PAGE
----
The Japanese cyberpunk genre isn't that richly populated (understatement), and to make it worse many releases are almost impossible to find here in the West. It's a real shame, because it's without a doubt one of my favorite genres out there. Tsuburo no Gara is one of the prime examples of Japanese underground cyberpunk cinema and so it deserves some extra time in the spotlights. In short: strap yourselves in for 70 minutes of concrete, metal and moist.
Before you get too excited, I should warn you that there is no DVD or Blu-Ray out there with English (or any other language for that matter) subtitles. I was lucky enough to catch this film at the Dejima festival in Amsterdam a couple of years ago, but I haven't heard from it since. There isn't even an official DVD or poster (the one shown here is a fan poster), only a combined release on a PFF (Pia Film Festival) collection DVD.
While the film is quite low on cyber and actual punk, it does carry many of the stylistic traits of the genre, most notably the almost fetishistic way of focusing on specific details. Director Masafumi Yamada will swamp you in close-ups of moist skin, concrete walls, black misty puddles and a strange fascination for snails, creating a very tense and claustrophobic atmosphere in a mere 70 minutes.
My DVD doesn't have English subtitles and it's been quite a while since I watched the festival version, so the details of the story have faded a little since then. But the gist of the setup is still pretty clear. A man and woman wake up in a concrete structure, not knowing where they are or how they got there. The woman is a nurse, the man a patient with a rather peculiar metal structure strapped to his back. While they try to escape from their concrete prison, flashbacks reveal the true nature of the patient's illness. It's a simple setup, but cyberpunk cinema has never occupied itself too much with complex themes and storylines.
Visually I'm very much in two minds about this film. On one hand it's a beautifully shot movie, with much attention paid to composition, lighting and editing, sporting some impressive play of light and shadows. Every frame is impressive and clearly thought through, bathing in grey and green hues, turning the drab, concrete settings in a cyberpunk wonderland. Sadly the entire film is shot in 4:3, which, I'm sorry to say, is ugly as hell. While the images themselves are impressive and captivating, they feel cramped and somehow unfinished. No doubt it's somewhat of a personal preference, but a wider image would've done much more justice to the work of Yamada.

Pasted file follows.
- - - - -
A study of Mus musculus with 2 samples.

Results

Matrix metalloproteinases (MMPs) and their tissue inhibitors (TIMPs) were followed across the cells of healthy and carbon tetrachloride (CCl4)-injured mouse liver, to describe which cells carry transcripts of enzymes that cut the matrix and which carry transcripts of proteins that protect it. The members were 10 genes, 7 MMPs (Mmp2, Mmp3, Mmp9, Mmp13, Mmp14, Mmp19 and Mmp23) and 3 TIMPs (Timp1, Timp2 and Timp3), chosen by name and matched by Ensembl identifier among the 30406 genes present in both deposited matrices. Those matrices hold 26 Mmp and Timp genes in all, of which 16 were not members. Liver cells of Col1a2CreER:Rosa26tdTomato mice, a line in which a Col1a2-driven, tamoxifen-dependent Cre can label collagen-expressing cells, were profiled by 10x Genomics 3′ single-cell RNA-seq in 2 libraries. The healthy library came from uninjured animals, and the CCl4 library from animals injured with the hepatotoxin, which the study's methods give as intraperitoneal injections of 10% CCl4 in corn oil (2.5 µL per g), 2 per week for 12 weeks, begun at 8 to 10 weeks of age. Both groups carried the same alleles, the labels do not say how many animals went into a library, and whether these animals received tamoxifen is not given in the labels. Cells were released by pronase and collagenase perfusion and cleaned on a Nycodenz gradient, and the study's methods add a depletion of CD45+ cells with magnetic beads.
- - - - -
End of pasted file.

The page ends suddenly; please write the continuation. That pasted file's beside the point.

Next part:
The soundtrack consists mostly of ambient sounds, structured or woven into hidden melodies and rhythms. Actual music (as most people will know it) is rather scarce (and of the minimal, experimental kind), but the entire film is set to the sounds of clanking metal, thumping concrete and falling water drops, so there's always something to listen to. Great stuff, not too original considering the genre it resides in, but still a welcome variation on the more crunchy and industrial-oriented noise that usually sits under this type of film.
The acting is sufficient, especially for a film that isn't necessarily all that character-oriented. The male lead reminded me a little of Tsukamoto and was clearly the best actor of the bunch, the female lead played her part with adequate conviction. As for the secondary cast, there are only a few other characters featured in the film, but considering their lacking screen time they are hardly worth discussing.
If you're worrying about watching this film without subtitles, you should know that even though the dialogue is kept to a minimum, you will still miss some of the finer details of the story. The main concept is clear enough though and whatever weirdness there is exists within the film itself and is not a result of the lack of translation. In the end, you shouldn't have too much trouble understanding what is going on, then again Tsuburo no Gara relies more on atmosphere and tension anyway.
When comparing it to other films out there, I noticed that Tsuburo no Gara shows quite some similarities to Tsukamoto's Haze (which it predates by a year). While the first part is quite claustrophobic and direct, the ending reveals a more symbolic interpretation of the film's events. Both films release their main characters back into the real world, freeing them from their inner contraptions and shedding a different light on what happened before.
Tsuburo no Gara is first-grade cyberpunk cinema. Not as overly energetic or chaotic as its peers, rather it creates an eerie, claustrophobic atmosphere that drags you deeper into its concrete prison with each successive scene. Sporting a stunning setting, strong cinematography and a superb soundtrack, cyberpunk fans owe it to themselves to seek this one out, even when there are no suitable subtitles available. I promise you won't regret it. Absolutely recommended.